Police have been deployed in a number of duties relating to the outbreak and lockdown, including in high-risk areas.

Written by Sushant Kulkarni | Pune | Updated: May 19, 2020 11:18:37 am
Explained: How Maharashtra police is battling Covid, what they have learnt A policeman directs might labourers to form a queue in Mumbai. (Express Photo: Ganesh Shirsekar)

In Maharashtra, the state worst affected by Covid-19, 1,273 police personnel from the two-lakh-strong force have tested positive so far; 11 of them have died while 291 have recovered. Police have been deployed in a number of duties relating to the outbreak and lockdown, including in high-risk areas.

Of the 1,273 cases, 131 are officers and 1,142 constables. Most are personnel in Mumbai and surrounding areas, or Malegaon city, or Maharashtra State Reserved Police Force (SRPF) personnel who were deployed in high-risk areas. As of Monday morning, the number of cases was 618 in Mumbai police, 46 in Thane police, 85 in Nashik Rural Police that includes Malegaon, and 33 in Pune city police.

The SRPF has had 387 cases. Most of these have been from among companies deployed in Mumbai and Malegaon, which went back to their unit headquarters in Hingoli, Aurangabad and Jalna after completion of 45 days of deployment.

At the forefront

Police have been deployed in contact tracing, monitoring of home or institutional quarantine, lockdown implementation, and closure of containment zones and district boundaries. Lately, all police units have been given the added responsibility of facilitating the homeward journey of stranded people.

The first cases among police were reported in the second week of April. The number rose from 19 on April 14 to 64 on April 22, 342 on May 2, and 618 on May 8; it crossed 1,000 on May 14.

Explained: How Maharashtra police is battling Covid, what they have learnt At the Lokmanya Tilak Terminus in Mumbai during the nationwide lockdown. Migrant labourers had gathered in the hope to catch buses to return to their home states. (Express Photo: Prashant Nadkar)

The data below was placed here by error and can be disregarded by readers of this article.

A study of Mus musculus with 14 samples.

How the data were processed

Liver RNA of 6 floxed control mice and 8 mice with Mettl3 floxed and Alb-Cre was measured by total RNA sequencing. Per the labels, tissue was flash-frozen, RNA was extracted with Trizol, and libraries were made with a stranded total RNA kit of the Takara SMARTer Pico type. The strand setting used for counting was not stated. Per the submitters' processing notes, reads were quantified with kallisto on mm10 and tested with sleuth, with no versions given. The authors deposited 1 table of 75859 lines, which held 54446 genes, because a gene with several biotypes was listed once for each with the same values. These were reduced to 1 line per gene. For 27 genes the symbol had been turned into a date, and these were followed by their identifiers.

“The way the virus has spread among the police force is not different from how it does among the common public. However, the extent of exposure is way too high, police being primary responders to almost everything and having been given a very broad spectrum of responsibilities,” a senior police officer said.

“One way is a policeman catching the infection during deployment, the probability of which is very high if the duty is in a high-risk area,” a senior police officer said, while agreeing that infection is also possible while off duty. “A second way is police personnel getting infected from a colleague, especially when he or she is asymptomatic… We have reason to believe that spread among the police is more due to the second [route],” the officer said.

“We cannot deny that insufficiency of supply of safety utilities in the initial days or even lapses in taking care are also responsible. Many initial infections can be attributed to this. We have come a long way from that. But there are many other factors too: It is impractical to wear a PPE suit for over 8 to 10 hours of duty, that too in summer. Duties at hospitals, quarantine and isolation facilities are inherently risky.”

The response

The police response has evolved with case growth. Separate quarantine or isolation facilities, dedicated hospitals have been earmarked for police at various places. Along with a Covid helpline, healthcare aid is being given through the Maharashtra Police Family Insurance scheme. At some high-risk areas, hotels and lodges have been earmarked for police. Pune police have issued a pictorial SOP to minimise the risk for the family of personnel once they go home.


In SRPF, a decision has been taken to transport and accommodate smaller groups. Pune Police Commissioner K Venkatesham said, “We will have to unlearn a lot of our old practices. We will have to learn procedures and set standards in place to keep infections at bay.”